LONG BEACH — A recent survey is providing the city with insight on resident concerns.
Long Beach City Mayor Jerry Phillips conducted his first mayor’s survey in 2018. He presented the survey’s results at the Long Beach City Council Jan. 22 meeting.
The survey is the first of its kind for the city, said City Administrator David Glasson.
The survey included questions on how residents keep informed about city operations, residents’ perceptions of the city and Long Beach Police Department, residents’ concerns, and residents’ perceptions of local homelessness.
“I’m still in the discovery mode of asking questions about what we can change,” Phillips said. “I have some ideas for improvement.”
The city generally received positive ratings throughout the survey. Phillips said the positive ratings were what stood out to him when looking at survey results.
“The survey gave people a chance to say what they think the city should do,” Phillips said.
The survey was distributed with residents’ water bills for about a month to two months, Phillips said. Most questions on the survey received about 75 responses.
Connecting with the community
Phillips said the survey was a way for him to be transparent with residents.
“People come to the council and say ‘We weren’t informed,’” Phillips said. “I know I can’t reach everybody all the time but is there something else we can do? I wanted to see if there’s other ways to reach out to people.”
Survey results were shared with city department heads and LBPD Chief Flint Wright.
Most people said they receive information about Long Beach through the Chinook Observer, followed by “other” ways.
The 2018 survey is the building foundation for a future survey, Phillips said.
Between 110 and 130 families on the Peninsula are homeless. About 270 students in the Ocean Beach School District are homeless, according to the Pacific County Economic Development Council.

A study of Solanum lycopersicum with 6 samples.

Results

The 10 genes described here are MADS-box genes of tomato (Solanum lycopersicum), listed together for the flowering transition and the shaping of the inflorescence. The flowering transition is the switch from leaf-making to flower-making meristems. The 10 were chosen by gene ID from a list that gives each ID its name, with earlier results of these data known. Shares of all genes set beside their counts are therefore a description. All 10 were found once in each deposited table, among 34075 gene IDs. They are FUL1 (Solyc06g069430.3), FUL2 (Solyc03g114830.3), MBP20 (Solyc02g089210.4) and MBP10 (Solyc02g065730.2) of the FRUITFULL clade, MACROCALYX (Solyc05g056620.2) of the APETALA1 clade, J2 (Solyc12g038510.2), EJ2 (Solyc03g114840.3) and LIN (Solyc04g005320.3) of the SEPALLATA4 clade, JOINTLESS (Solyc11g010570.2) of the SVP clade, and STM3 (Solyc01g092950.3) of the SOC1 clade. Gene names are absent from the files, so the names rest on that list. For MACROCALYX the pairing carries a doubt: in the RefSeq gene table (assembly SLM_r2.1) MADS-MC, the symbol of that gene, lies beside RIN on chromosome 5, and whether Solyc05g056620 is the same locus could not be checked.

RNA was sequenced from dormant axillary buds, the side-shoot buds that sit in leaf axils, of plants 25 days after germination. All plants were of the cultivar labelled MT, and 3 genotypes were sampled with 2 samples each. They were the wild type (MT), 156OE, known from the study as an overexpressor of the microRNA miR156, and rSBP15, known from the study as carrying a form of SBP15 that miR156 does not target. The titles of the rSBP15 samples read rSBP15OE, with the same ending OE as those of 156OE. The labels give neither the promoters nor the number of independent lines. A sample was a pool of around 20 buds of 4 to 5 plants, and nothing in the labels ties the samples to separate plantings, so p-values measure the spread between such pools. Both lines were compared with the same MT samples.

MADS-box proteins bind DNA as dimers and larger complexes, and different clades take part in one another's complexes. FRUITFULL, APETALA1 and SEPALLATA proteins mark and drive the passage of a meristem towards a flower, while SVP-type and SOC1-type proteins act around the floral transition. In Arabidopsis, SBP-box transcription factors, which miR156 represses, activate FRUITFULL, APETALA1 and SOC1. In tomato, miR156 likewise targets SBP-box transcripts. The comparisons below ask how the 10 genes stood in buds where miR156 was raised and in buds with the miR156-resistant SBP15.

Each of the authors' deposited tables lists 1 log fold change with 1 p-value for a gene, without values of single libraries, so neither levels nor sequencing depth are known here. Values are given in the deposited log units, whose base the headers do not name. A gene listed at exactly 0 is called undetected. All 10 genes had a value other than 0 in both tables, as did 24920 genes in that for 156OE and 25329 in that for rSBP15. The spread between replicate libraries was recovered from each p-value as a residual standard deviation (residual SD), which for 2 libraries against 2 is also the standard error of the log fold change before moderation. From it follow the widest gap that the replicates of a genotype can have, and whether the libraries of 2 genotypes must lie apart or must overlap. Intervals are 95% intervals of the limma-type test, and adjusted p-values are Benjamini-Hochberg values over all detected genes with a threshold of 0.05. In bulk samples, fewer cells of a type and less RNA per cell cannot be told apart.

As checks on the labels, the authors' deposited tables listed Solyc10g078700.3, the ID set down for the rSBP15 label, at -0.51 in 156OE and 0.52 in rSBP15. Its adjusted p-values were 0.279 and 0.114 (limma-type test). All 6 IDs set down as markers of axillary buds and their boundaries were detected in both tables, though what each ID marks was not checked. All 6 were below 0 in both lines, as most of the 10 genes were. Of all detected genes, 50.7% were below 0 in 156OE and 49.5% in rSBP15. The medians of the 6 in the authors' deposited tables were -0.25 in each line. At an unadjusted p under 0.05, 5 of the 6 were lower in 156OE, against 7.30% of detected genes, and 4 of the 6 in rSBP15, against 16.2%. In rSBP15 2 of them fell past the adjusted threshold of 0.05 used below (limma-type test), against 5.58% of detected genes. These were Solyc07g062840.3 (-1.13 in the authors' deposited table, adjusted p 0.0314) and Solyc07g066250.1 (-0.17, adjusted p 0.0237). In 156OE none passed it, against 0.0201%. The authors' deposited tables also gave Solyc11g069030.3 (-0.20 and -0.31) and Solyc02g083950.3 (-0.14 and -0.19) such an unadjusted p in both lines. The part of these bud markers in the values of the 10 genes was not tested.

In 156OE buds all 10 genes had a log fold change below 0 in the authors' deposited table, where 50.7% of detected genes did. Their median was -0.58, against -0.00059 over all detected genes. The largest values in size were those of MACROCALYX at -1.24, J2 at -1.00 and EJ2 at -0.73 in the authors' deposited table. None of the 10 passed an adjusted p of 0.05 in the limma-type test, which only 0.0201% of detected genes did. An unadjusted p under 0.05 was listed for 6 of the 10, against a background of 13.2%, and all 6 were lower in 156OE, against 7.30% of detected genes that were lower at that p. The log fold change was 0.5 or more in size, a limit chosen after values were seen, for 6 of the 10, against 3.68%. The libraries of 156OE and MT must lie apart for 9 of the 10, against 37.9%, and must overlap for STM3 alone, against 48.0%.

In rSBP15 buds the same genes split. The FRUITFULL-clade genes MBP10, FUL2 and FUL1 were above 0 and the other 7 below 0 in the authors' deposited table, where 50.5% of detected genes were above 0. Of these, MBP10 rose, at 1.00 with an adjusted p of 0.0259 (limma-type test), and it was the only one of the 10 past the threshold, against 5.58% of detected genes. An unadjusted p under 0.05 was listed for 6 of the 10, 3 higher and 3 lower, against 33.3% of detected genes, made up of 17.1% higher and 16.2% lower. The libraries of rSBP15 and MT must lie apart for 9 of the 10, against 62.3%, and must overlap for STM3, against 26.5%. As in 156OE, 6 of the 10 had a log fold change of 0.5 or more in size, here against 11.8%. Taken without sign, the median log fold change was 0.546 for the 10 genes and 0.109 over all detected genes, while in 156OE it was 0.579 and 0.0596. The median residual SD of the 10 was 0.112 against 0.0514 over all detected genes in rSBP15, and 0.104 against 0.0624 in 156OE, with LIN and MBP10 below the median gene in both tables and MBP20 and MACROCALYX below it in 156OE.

“Homelessness is such an issue statewide,” Phillips said. “We get reports about people at the beach. If you look at Long Beach in contrast of the rest of the Peninsula, we have a lower count but it’s hard to keep track.”
The city gets homelessness statistics through Project Community Connect, an annual service-providing event hosted by Peninsula Poverty Response. The city pays attention to if event attendees live in Long Beach and are homeless and/or Veterans. This helps the city know how it can serve residents, Phillips said.
Residents said they saw homeless individuals on streets and sidewalks, and in the dunes. Most respondents said they didn’t have experience with homeless individuals in Long Beach.
Phillips recently met with county commissioners and the city’s other mayors to discuss how the different groups can work together better and address common issues, such as homelessness.
“We asked how we can look outside the box, work better together and get things done,” Phillips said.
He will meet with the leaders again in spring.
Additional resident concerns
Issues of concern raised by survey participants included the need for low-income housing, homelessness, hiring more police officers, water and sewer rates, streets, roads and drainage, fireworks, property taxes, the local bus service, supporting non-tourism related businesses, and installing a dog park.
Phillips said the city is focusing on north-end beautification. Once the city has completed improving streets, sidewalks and installing light poles, the city will turn its focus to the south-end, he said.
Phillips said he has ideas on ways to improve city functions after looking at survey results but didn’t want to share his intended focuses before meeting with city department heads.